Monday, May 16, 2005

Chilean Carmenère - 2002 Estate Bottled Colchagua Valley Apaltagua Carmenère

Perrin Cotes du RhoneWith today’s supreme court decision, I should’ve poured something I ordered via the internet from an out of state winery, but honestly, even though it’s been legal to do so here since ‘03 I just prefer to buy locally. When it’s shipped direct to me, the chances that it’s sat on a pallet in the hot sun or in a hot UPS truck are generally not worth it, even for the lower priced ‘value’ wines I generally buy. Perhaps I put too much faith in it, but I suspect when a retailer gets wine shipped it arrives in a refrigerated truck. Me? Mine would come in a crummy brown UPS truck. Ever notice one of those to be refrigerated? Yeah, me neither. And it’s hot here!

Yeah, there are still some hurdles left to the online and direct purchase of wine for me. First, it’s mainly still going to be from people who are visiting a winery rather than random buyers, and second, it better be packaged such that I’m confident it’s going to arrive as good as it left the winery. That last one is something I think is inevitable, but just not quite there yet.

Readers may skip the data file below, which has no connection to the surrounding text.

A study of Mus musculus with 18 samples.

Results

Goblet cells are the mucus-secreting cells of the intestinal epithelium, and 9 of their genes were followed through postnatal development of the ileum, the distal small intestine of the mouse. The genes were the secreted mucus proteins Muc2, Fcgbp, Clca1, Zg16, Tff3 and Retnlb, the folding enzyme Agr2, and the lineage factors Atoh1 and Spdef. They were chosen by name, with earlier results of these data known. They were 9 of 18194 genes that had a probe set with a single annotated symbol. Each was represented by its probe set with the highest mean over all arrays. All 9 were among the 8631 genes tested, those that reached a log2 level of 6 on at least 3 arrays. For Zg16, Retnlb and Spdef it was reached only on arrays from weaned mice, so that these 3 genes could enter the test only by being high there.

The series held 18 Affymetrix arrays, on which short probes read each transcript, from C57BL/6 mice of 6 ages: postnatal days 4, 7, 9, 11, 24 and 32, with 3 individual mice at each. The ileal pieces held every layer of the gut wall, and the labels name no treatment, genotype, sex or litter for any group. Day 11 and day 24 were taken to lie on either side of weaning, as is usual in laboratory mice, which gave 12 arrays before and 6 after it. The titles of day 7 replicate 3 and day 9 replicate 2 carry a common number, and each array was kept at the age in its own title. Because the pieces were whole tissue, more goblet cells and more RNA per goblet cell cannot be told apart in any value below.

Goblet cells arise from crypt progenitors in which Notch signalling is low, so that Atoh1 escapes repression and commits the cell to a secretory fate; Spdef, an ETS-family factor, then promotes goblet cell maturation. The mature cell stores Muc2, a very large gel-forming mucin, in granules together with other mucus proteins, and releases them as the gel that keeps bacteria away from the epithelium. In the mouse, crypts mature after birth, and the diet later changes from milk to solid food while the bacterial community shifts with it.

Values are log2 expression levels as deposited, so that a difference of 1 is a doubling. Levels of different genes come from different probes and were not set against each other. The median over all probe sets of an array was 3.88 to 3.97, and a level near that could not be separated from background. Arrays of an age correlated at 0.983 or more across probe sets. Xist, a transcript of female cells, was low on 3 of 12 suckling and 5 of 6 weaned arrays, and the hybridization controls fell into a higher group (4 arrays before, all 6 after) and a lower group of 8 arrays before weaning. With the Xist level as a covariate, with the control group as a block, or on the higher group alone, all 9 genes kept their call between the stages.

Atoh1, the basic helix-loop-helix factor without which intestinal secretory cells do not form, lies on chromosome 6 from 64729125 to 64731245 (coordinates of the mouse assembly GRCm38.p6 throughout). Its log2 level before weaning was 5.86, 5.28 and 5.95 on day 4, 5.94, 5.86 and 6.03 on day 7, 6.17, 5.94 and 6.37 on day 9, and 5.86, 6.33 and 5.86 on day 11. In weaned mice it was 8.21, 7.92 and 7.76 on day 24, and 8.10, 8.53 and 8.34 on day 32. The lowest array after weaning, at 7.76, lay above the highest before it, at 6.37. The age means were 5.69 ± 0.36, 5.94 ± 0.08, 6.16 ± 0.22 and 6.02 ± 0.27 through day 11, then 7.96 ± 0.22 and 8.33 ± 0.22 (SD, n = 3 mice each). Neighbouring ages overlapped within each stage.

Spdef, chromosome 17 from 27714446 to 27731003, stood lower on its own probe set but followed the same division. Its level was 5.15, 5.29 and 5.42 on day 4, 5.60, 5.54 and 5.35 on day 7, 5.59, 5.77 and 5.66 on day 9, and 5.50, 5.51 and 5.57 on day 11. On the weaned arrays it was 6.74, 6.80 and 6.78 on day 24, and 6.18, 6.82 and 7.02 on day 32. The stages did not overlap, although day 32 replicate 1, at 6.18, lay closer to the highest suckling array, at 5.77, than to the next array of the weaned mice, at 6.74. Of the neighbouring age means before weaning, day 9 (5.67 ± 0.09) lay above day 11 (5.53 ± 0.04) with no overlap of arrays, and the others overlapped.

Meanwhile, how about some Chilean wine? I’d been commenting in my last post about the Central Coast Sauvignon Blanc that I had over the weekend that I like the green pepper tastes of the NZ Sauv Blancs. Well, here’s a red that offers a little something similar.

I can’t say I know anything about the Carmenère grape, but apparently it’s known as the "lost Bordeaux" variety, as it was originally planted in Bordeaux, but was abandoned there because it was too late ripening for their climate.

In this case, I grabbed it because I was having some peppered tenderloin steak. Together, the pair were great. Alone, the wine initially had a hint of new leather but otherwise very clearly had a peppery taste. And green pepper was definitely a component of the taste. This article goes on to say a bit more about Carmenère, including a bit about unripened Carmenère imparting a vegetal taste. So maybe some of the green pepper taste of this wine comes from it being just a little less than appropriately ripe.

One last note: the hand rubbed peppering for my steak came from a packet I got originating at the Perini Ranch steakhouse out in the middle of nowwhere’s land Texas. It was a freebie from the TX beef council. Doesn’t look like it’s available to order from the Perini web site, but the ingredients for the ‘steak rub’ are right there on the side of the package:

  • 1 tsp corn starch or flour
  • 2 tsp salt
  • 2 Tbsp course ground pepper
  • 1 tsp oregano
  • 4 tsp garlic powder
  • 1 tsp paprika
  • 1 tsp granulated beef stock base
About $10 (Austin)
a hearty red that was great with some peppered steak. Good value.